Organization Structure

In a perfect world, where every department is customer-centric and functional silos are non-existent, a special customer experience department is not needed. However, that is hardly the case for most companies. Hence there is a need for a customer experience council to drive a customer-centric culture within the organization by:
  • Upholding the customer at the centre of all decisions being made.
  • Driving cross-functional exchange of information across business units to ensure uniformity of the customer experience delivered.
According to the service profit chain theory, employees are the cornerstone of delivering great customer experience. All CX initiatives must start with engaging employees and empowering them with tools and processes to deliver great CX. You can drive a customer-centric culture in the following ways:
  • Define a clear vision for the ideal customer experience and communicate the vision through program branding.
  • Train employees with a focus on soft skills and your customer experience objectives. Bring in customer empathy through role-playing customer interactions.
  • Empower employees to resolve frontline issues, and reward and recognize exceptional efforts.
  • Make customer feedback an integral part of the employee lifecycle through KPI/KRA linkages.
Incentivizing frontline and leadership should only be done when:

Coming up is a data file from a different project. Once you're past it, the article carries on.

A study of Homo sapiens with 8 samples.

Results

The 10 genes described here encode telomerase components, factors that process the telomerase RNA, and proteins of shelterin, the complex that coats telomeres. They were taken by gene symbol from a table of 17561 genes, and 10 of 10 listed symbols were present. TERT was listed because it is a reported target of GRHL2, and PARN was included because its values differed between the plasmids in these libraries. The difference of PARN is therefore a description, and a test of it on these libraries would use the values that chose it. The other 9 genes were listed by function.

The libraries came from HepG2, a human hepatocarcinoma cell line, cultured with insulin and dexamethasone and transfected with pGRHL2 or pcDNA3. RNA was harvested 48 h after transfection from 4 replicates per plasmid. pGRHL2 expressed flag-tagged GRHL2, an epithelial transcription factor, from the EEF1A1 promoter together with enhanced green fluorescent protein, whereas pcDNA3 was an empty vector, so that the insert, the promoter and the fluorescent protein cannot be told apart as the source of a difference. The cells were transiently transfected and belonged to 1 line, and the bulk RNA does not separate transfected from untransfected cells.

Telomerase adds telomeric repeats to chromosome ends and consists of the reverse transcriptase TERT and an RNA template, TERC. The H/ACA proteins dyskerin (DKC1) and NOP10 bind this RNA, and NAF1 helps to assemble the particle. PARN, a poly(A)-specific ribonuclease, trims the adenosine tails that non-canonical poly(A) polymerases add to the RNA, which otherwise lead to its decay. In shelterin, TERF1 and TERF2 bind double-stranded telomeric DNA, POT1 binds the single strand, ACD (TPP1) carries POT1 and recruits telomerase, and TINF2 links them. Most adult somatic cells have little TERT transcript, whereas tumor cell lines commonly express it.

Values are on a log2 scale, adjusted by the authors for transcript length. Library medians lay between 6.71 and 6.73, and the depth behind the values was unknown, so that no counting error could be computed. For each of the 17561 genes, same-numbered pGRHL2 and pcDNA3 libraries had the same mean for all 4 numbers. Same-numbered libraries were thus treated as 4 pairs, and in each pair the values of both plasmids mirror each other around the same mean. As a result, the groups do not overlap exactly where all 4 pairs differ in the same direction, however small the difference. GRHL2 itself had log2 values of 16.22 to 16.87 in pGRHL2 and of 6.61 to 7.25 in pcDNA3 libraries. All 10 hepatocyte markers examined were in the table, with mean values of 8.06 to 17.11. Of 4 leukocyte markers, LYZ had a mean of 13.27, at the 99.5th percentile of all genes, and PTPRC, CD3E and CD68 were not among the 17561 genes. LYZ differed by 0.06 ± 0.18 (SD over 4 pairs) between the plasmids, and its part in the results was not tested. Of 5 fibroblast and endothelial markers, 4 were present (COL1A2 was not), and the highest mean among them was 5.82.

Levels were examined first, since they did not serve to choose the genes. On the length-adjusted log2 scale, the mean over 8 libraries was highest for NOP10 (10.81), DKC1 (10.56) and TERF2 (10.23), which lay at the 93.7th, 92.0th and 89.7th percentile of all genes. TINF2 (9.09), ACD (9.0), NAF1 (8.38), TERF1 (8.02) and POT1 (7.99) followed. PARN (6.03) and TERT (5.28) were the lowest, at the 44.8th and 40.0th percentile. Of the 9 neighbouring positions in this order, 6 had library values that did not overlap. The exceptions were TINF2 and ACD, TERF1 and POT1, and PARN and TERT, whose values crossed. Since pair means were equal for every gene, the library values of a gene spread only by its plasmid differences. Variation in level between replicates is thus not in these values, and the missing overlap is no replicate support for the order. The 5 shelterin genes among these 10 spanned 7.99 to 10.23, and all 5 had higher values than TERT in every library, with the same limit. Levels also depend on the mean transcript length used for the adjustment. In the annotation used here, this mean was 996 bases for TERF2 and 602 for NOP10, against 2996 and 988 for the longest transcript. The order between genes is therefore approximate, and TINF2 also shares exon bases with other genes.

• A substantial number of responses are received at each individual touchpoint.
  • Each employee is empowered to deliver a great customer experience. This means all support mechanisms are in place to handle incoming detractors.
Hence, we recommend incorporating incentives only much later in the CX program, when the NPS measurement and action loops are in place.
Ideally, there should be two components to the issue resolution mechanism:
  • A business unit-wise team responsible for issues for the corresponding touchpoints, ensuring all customer issues are resolved.
  • A central team (CX council) responsible for facilitating collaboration between these teams and distill key actionable from the systemic issues faced at the operational levels.
Responsibility for leading CX vertical varies, but the most common choice is the CMO. Customer experience is increasingly the primary way in which a brand is made real and as an architect of the brand strategy, the CMO is often seen as the obvious choice to take charge of its deployment across the entire customer journey. But leading CX is not a siloed responsibility and the right person to take on that responsibility depends on the industry, the current organization, and even individuals.